Rotating the triangle, how in the heck does that work?  Simple.  Really.  Simple.

On the UserControl canvas, in this case triangle.xaml, you will see this XAML code:


Which could be rewritten (either way is valid):

            <RotateTransform x:Name="rotateTransform" Angle="0"/>

The triangle that was discussed in the previous blog: “Silverlight Game: Talking about what we did simply – Path Data”,  where the Path Data creates a triangle. 

The UIElement .RenderTransform transforms the triangle presentation by getting and setting (in this case) the transform information that affects the rendering position of this triangle element.

The UIElement .RenderTransform uses a class named  RotateTransform, which  rotates an object clockwise about a specified point in a 2-D x-y coordinate system.   Keep in mind that a UserControl is a small canvas, in this case the Width is 26 and Height is 40, so the triangle rotates around it’s origin and starts with a zero angle.  Why did I write it this way?  Not sure, I could have written it this way:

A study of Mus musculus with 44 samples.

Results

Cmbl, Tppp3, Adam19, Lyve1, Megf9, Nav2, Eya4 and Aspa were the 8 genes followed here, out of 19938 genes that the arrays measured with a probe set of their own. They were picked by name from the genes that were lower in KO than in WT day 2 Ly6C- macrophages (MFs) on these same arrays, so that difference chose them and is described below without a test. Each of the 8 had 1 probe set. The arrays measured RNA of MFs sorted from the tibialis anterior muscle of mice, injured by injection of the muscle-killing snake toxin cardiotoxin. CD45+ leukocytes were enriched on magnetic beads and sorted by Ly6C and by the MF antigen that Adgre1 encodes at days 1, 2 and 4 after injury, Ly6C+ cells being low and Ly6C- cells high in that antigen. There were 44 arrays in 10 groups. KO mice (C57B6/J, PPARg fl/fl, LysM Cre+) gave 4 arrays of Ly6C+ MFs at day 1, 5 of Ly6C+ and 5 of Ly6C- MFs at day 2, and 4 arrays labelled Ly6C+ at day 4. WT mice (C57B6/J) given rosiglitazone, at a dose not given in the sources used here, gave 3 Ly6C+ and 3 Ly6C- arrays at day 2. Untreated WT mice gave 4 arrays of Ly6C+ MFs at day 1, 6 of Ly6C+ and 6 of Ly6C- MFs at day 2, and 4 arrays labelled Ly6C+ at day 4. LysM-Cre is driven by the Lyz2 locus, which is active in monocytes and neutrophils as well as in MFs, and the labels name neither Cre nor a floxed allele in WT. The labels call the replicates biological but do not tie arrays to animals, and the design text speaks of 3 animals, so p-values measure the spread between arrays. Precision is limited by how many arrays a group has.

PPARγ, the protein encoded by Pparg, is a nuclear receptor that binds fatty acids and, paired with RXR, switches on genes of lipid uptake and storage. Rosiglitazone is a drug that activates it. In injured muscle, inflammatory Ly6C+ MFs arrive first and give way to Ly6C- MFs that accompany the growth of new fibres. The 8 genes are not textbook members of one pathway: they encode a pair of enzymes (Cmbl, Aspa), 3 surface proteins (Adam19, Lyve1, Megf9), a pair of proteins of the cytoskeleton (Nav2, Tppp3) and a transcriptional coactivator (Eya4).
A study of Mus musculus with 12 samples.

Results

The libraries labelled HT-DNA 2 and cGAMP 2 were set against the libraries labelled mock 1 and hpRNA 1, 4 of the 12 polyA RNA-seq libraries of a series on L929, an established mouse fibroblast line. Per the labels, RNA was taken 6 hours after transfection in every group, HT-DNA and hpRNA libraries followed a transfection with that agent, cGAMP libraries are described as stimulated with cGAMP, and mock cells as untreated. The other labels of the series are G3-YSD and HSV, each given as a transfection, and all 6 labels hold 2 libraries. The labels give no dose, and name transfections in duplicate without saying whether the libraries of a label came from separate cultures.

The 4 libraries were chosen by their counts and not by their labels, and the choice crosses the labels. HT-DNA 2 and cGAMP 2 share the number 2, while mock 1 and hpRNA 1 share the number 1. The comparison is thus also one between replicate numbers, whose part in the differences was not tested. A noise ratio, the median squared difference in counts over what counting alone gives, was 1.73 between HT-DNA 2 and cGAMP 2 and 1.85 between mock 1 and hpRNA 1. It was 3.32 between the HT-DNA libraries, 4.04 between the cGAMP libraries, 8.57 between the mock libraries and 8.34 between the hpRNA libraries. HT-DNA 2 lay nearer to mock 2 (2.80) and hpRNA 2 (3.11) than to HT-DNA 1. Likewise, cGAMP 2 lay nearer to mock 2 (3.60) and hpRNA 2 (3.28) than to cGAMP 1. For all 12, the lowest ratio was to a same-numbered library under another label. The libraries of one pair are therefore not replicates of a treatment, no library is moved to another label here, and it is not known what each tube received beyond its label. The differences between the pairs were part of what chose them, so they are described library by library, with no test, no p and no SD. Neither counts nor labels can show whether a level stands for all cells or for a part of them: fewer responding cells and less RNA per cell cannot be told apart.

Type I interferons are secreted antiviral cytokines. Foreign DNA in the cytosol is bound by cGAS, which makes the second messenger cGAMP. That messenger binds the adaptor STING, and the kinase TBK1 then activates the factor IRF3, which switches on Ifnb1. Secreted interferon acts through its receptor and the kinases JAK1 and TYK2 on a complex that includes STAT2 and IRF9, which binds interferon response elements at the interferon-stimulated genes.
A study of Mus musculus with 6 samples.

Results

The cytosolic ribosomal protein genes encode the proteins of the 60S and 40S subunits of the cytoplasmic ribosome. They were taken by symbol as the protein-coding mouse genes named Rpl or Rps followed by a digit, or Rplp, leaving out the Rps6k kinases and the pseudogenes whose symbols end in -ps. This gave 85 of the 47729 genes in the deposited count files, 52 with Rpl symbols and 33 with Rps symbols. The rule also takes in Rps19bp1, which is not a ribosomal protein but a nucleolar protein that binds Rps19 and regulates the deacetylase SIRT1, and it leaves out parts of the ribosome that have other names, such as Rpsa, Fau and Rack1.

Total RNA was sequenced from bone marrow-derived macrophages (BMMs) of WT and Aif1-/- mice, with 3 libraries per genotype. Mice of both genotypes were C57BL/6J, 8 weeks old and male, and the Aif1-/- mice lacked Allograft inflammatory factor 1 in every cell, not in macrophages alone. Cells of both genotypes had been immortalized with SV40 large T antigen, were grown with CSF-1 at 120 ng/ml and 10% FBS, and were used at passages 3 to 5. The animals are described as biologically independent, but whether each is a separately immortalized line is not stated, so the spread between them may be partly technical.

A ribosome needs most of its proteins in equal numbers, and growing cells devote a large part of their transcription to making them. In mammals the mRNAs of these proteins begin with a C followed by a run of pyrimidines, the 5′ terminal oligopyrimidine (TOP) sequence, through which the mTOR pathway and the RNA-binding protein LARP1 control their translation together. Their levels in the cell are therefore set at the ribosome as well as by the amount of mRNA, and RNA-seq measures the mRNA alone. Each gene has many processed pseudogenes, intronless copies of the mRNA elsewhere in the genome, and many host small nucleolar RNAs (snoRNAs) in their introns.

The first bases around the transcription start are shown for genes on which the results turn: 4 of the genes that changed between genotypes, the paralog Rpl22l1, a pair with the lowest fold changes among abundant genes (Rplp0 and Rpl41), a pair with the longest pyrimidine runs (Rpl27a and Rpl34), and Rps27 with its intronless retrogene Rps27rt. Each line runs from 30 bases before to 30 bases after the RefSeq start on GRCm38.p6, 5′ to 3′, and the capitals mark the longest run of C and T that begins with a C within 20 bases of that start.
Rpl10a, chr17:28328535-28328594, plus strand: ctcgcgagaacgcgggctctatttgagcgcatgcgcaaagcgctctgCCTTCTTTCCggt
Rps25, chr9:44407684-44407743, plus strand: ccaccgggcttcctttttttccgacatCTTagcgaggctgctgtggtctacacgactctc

<RotateTransform x:Name="rotateTransform" CenterX="0" CenterY="0"/>



  • This center point (CenterX and CenterY) is expressed in the coordinate space of the element that is transformed.
  • By default, the rotation is applied to (0,0), which is the upper-left corner of the object to transform.
  • In this case that is our Phone Application User Control, not the MainPage.xaml

What did we learn in this blog:

  1. RenderTransform is used to either
    • Get or Set of a UI Element
    • Get AND Set a UI Element presentation
  2. RotateTransform is a class that rotates an object clockwise about a specified point in a 2-D x-y coordinate (if a positive number is used, negative will get you a counter-rotation)
  3. How to use the Angle property
  4. How to use the CenterX and CenterY properties

In the next entry, we will utilize the RotateTransform in the “Code Behind”.